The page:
Casting Vidhya Balan in the titular role is as big a shoo-in for a memorable film as any in all of Bollywood. What, however, is not as predictable about Tumhari Sulu, especially with regards to the cast, is the fact that there could be anyone else in such a setting that might match the sheer acting brilliant that one takes for granted with Vidya Balan.
Tumhari Sulu merges two progressive trends in Bollywood: depiction of middleclass life and underscoring the fight for gender parity. But it does so in a way that is easy on the eye, perfectly relatable and would not scare away those of us that take to the cinema to steer clear of the political-laden crises around us – or loud campaigning for even pertinent causes.
If Vidya Balan is the master of underscoring the power of simplicity, Tumhari Sulu is its archetypal example. Sulu is in many of us, with us, and most definitely around every one of us.
Sulochana (Sulu) is a full-of-life housewife, who is being encouraged to take up a job as the movie starts. The fact that she has failed in 12th grade thrice means that she has to look at out-of-the-box options, quite literally.
Her husband Ashok Dubey (Manav Kaul) works in a garment sweatshop where, as the movie unravels, things become unstable for his INR 40,000-a-month job, making Sulu’s earning capacity all the more critical.
Sulu and Ashok have an 11-year-old son Pranav (Abhishek Sharma), who is treading a fine disciplinary line in school, which the parents aren’t aware of, amidst their respective career struggles.
Sulu who says she’s a ‘winner’ – which includes triumphs at local sack races, dance contests, lemon-and-spoon races– is someone who says ‘Yes’ every time life throws lemons at her. And so, when one of her many wins in a radio contests brings her to the brink of a Radio Jockey opening, she says Yes – and surprisingly, or so it would appear initially, so does ‘Radio Wow’.
The only problem? It’s a late night shift and the programme seeking ratings caters primarily to lonely men seeking company at those hours.
How Sulu manages to balance her determination in proving to herself that she is a winner and her responsibilities as an erstwhile housewife – if at all – is what the film is about.
Where Vidya Balan expectedly aces the title character, Manav Kaul manages her brilliance almost frame to frame. His depiction of the open-minded yet insecure man, and the yo-yoing of the two facets, is masterful. In fact, the chemistry that the two share as a refreshingly happy couple is among the highlights of the movie.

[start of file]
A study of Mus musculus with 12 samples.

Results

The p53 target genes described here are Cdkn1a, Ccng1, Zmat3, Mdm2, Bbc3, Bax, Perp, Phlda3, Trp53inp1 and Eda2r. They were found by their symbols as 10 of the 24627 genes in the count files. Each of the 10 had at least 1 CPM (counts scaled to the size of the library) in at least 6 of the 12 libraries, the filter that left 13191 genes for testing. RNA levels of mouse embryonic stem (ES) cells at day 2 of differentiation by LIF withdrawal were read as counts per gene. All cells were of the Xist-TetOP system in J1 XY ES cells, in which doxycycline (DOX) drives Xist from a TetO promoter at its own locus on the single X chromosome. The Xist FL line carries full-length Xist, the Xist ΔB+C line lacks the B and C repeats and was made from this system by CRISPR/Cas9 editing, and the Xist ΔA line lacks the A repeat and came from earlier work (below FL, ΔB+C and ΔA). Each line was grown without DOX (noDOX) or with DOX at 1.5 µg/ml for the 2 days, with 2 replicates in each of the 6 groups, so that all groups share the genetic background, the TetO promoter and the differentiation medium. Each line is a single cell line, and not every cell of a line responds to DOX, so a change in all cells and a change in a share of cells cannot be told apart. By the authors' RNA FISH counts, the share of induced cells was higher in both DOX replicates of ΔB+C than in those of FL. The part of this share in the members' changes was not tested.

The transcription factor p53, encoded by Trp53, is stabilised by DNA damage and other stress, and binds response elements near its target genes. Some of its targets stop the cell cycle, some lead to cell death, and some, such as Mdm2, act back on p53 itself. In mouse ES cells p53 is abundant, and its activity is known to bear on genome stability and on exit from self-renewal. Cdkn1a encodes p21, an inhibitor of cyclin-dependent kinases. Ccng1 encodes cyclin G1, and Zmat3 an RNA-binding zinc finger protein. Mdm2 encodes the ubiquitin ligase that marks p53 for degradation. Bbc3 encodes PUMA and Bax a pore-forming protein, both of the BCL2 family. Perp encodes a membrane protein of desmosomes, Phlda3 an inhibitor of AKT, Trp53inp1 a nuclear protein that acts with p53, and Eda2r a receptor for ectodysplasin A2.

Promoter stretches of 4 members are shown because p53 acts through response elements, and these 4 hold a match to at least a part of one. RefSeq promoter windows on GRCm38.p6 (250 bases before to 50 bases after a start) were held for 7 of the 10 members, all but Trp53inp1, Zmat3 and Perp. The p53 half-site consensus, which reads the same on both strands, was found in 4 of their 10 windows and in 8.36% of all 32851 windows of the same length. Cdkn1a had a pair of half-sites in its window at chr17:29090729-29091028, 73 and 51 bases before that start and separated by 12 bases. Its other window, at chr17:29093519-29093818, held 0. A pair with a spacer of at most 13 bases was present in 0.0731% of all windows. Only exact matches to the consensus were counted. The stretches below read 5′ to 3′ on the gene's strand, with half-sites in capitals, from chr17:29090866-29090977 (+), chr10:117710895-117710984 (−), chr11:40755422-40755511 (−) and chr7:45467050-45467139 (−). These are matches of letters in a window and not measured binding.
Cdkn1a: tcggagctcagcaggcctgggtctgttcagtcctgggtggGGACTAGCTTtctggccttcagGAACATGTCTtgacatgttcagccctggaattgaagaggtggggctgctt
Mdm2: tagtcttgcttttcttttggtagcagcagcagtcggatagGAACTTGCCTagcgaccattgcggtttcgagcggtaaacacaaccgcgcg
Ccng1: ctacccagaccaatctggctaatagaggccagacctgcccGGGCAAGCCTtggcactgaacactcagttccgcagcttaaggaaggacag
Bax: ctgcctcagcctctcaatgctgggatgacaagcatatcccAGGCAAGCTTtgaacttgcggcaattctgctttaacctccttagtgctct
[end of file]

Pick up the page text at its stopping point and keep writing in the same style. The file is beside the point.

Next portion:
But as the storyline and the trailers showcase, Tumhari Sulu echoes in the Radio channel, where Vidya Balan is ably supported by Vijay Maurya, the poet and creator of her show at the radio station, and Neha Dhupia, Sulu’s employer at Radio Wow.
Both manage to amplify Sulu’s impact by ensuring that all other aspects converge to fall perfectly into place such that the unconventional RJ’s ‘hello’ – both metaphorical and actual – strikes exactly where it is intended to.
Manav Kaul’s depiction of the open-minded yet insecure man, and the yo-yoing of the two facets, is masterful
But like in all middleclass families, Sulu has to deal with inertial forces in elder twin sisters Aradhana (Sindhu Shekharan)and Kalpana (Seema Taneja) along with the father (Ugay Lagoo), all of whom are there to put the spanners into the works at the most inopportune moments and yet remain Sulu’s go-to people because, as she aptly puts it herself: ‘they’re family’.
This is not to suggest that Tumhari Sulu is a flawless piece of work. When viewed as a whole, there are obvious sliding patches in the storyline and/or its depiction.
But where the film absolutely nails everything is the personification of the middleclass life and the challenges a married woman faces. There are scenes, and often a strung together array of them, that are breathless cinematic experiences, mostly because of the acting on display and the sheer attention to detail.
Tumhari Suluis a must-watch for anyone that falls in the economic bracket narrated in the film, and especially for housewives who know at heart that main sarsaktihai.